As an Air Force vet, it’s hard humbling to point to another service and say, ‘Damn, they do that right.’ 

It’s especially hard humbling when I have to say, “Damn, the US Army* did that right.” 

The US Army’s Office of the Chief of Public Affairs, Online and Social Media Division created a handbook on how

to use social media.  How Army leadership can use social media. How to consider OPSEC (operational security) concerns about geotagging photos, check ins, or comment submissions.  How to use social media in a deployed environment.  How to use social media for crisis communications.  How to effectively use US Army branding on official pages.   Even some of that Holy Grail - how to measure the effectiveness of social media. 

“How To.”  Not “Don’t Do.” 

Damn.  They did it right.  They didn’t just do it right, they did it brilliantly right. 

So fellow GovLoopers, let's benchmark off of the Army’s approach and talk about our best practices about using social media for the workplace.  Many organizations have a Facebook/Twitter/Flickr/LinkedIn account for external purposes.  But let’s go further –

Let’s develop our own “How To” guide for how to use such tools to increase productivity amongst and within an organization.  Many across government and industry are looking for a repertoire of stories about how social tools can do more than just make us happy at work – they can help us make our work better. 

Some questions for the community -

- - How have you used collaborative or social media tools on your project?  How did it affect how your project ran?    What would you do differently?

- - When a wiki is created, how does it make the work process and product better? 

- - When employees come to a community and talk about what they're working on, how does the interaction with the community make that product better, tighter, and make the product come out faster?

- - How has your organization used e2.0 tools successfully?  What are the key pieces that need to be wrestled with up front in order to make such tools effective?  What skills are needed in order to make the platform, and the program, work? 

Let’s do some of our own knowledge management:  What's worked and what hasn't worked from the programmatic side of collaboration tools.

Let’s demonstrate govvies know how to do it right.  And do it brilliantly right. 

*good natured inter-service rivalry only

Views: 489

Tags: communications, e2.0, leadership, management, miscellaneous, program management, project management, social media, tech



Hmm... I see we're back on the Top 10 for GovLoop this afternoon ---- c'mon lurkers.... :D  If some of you are reading this and don't feel you have a best practice to share, then how about some of your big questions?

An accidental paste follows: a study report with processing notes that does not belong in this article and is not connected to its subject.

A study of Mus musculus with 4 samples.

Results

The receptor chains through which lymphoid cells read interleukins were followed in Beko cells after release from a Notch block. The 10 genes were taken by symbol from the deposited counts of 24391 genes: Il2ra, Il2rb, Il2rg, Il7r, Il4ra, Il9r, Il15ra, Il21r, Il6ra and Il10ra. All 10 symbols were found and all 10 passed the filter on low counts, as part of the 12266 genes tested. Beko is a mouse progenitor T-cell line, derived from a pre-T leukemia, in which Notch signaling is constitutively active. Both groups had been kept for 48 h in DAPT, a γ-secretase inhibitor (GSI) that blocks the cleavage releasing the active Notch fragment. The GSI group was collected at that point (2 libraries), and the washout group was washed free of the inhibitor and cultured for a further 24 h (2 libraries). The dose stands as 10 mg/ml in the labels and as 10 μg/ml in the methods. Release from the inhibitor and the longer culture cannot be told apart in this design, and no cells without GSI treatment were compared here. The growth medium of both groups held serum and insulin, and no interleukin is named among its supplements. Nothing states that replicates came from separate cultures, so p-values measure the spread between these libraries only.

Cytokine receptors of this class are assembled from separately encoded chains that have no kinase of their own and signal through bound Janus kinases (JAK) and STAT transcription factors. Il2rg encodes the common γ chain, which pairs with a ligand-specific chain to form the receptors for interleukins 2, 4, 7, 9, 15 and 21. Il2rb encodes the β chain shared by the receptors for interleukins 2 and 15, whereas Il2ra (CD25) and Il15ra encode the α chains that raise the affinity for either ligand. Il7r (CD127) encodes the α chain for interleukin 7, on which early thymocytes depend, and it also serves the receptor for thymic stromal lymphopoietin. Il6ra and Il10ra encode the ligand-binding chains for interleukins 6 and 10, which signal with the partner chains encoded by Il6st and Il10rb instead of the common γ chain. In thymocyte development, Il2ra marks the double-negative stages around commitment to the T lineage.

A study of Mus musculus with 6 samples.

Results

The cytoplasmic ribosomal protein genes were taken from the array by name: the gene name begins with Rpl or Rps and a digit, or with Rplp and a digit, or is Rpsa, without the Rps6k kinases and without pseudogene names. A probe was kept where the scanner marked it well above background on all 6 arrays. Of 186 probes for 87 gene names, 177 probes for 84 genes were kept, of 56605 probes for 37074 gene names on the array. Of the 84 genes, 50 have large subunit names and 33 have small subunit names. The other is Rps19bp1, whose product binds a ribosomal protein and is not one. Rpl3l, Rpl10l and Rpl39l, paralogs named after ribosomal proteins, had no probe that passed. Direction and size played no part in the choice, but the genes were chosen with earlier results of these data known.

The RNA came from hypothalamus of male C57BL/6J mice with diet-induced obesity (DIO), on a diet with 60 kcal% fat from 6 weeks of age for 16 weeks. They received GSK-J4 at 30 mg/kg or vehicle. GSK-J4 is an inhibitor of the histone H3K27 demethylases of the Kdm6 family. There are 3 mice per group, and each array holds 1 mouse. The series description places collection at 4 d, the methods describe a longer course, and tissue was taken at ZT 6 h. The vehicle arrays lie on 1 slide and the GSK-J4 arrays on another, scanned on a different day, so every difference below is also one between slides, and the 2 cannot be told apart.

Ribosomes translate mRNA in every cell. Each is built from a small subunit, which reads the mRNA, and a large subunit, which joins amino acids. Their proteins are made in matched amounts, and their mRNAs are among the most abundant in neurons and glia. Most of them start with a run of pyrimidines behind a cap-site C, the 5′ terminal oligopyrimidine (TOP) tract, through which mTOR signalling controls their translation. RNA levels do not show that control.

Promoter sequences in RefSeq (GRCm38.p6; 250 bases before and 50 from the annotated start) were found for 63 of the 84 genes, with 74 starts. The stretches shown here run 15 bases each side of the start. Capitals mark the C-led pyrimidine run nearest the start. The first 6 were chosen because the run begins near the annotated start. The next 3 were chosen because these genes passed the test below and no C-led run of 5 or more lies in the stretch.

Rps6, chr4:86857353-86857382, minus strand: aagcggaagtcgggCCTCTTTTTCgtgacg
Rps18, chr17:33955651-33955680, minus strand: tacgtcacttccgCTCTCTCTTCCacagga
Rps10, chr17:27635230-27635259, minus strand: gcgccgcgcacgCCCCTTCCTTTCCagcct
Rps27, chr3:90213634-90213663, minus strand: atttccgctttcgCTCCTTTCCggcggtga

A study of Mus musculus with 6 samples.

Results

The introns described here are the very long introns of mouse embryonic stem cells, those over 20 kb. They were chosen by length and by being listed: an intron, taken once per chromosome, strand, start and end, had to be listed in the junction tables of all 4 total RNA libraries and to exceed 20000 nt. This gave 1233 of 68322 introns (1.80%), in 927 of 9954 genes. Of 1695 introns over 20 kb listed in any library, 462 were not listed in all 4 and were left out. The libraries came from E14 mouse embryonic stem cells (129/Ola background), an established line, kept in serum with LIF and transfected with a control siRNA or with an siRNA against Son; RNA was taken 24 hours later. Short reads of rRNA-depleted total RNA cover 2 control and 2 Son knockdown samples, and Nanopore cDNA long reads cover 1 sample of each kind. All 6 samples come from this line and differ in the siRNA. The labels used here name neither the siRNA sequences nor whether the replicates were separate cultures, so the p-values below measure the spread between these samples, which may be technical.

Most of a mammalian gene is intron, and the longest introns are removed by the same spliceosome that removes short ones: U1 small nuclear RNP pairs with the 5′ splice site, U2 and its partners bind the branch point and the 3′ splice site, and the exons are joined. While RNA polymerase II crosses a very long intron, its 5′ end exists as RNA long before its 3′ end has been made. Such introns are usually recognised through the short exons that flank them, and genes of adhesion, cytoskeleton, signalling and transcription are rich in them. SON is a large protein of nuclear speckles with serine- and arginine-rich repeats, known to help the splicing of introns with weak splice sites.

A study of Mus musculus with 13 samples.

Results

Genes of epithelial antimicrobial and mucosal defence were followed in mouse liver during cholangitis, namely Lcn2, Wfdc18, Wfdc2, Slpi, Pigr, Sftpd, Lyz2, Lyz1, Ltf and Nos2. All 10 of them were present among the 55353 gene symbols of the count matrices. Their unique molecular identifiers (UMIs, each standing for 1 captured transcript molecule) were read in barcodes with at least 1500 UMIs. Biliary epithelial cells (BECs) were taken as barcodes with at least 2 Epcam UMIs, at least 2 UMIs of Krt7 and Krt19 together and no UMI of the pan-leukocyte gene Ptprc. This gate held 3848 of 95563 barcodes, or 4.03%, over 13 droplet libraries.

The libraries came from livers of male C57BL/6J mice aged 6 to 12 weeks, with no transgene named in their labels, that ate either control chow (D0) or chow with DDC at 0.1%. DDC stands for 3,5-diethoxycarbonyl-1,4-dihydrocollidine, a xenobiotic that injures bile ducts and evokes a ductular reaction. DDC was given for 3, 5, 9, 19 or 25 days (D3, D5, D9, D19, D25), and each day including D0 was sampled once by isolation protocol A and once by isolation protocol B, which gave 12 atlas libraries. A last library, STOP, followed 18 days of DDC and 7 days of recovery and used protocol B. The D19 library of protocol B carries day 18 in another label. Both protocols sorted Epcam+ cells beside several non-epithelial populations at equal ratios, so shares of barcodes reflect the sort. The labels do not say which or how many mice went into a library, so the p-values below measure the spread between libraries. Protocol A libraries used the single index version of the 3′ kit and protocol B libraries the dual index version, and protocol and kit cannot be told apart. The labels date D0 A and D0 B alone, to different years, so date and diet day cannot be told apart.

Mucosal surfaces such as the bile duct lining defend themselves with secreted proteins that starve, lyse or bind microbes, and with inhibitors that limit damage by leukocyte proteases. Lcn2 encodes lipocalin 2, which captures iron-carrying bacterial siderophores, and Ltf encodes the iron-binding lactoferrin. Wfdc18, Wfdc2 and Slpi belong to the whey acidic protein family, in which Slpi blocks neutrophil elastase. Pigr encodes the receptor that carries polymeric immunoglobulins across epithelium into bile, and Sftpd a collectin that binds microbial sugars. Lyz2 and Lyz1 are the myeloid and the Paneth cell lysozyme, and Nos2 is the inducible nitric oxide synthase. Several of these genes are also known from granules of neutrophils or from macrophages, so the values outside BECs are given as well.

Comment by Deb Green on April 2, 2012 at 11:36am

Exactly Andy - I've seen the dataset for SM policy - there was a recent discussion that was looking for just that same data recently - I'm looking to build one about how to use the tools.  I **love** the Slideshare you did.  And YES - let's do a 2.0 version for internal communications - adding government use cases of the technology internally.  That framework for the Slideshare really works. 

Comment by Andrew Krzmarzick on March 30, 2012 at 10:22am

Hi Deb - I feel like I've been collecting some of the how-to's examples in some of my Social Media 101 educational workshops. This one was delivered a year ago in LA - "how-to" begins on slide 30. It includes how-to and examples of most of the social media tools out there.

Maybe there are other presentations out there like this that give examples, and we could start a repository...similar to this:

Comment by Deb Green on March 28, 2012 at 1:17pm

@Dorothy - Thanks for the enthusiasm!  I am definitely interested too - I know that GSA uses a few different collaboration/e2.0 tool sets, and a number of agencies are using Yammer, Jive, etc.... I'm interested in which platforms, but most of all, interested in the human part to it - how do you get people to come to the platform, how do we keep people coming back to the platform, how have wikis worked, governance for creating communities, etc.  This is super exciting stuff for me personally, and I know there's a lot of knowledge out there on the GovLoop community that can be tapped into. 

Comment by Dorothy Ramienski Amatucci on March 28, 2012 at 12:54pm

This. Is. Excellent! I am really looking forward to what others have to say.  I would also love to hear from anyone who has experience doing sm in the private sector!

Comment by Deb Green on March 28, 2012 at 8:21am

Thanks Doris - it's all too common to have a lot of guidance about what not to do, because someone's made a mistake elsewhere.  People mess up - sure.  But that's not the whole story.  Let's build it!

Comment by Doris Tirone on March 28, 2012 at 6:43am

You're right Deb!  How to do it right is so much better than telling people what they can't do.  We're all grown-ups here (er... aren't we?) so letting us figure out what works is far more gratifying (and challenging) than putting restrictions on us.  Thanks for this suggestion.  It's a good one!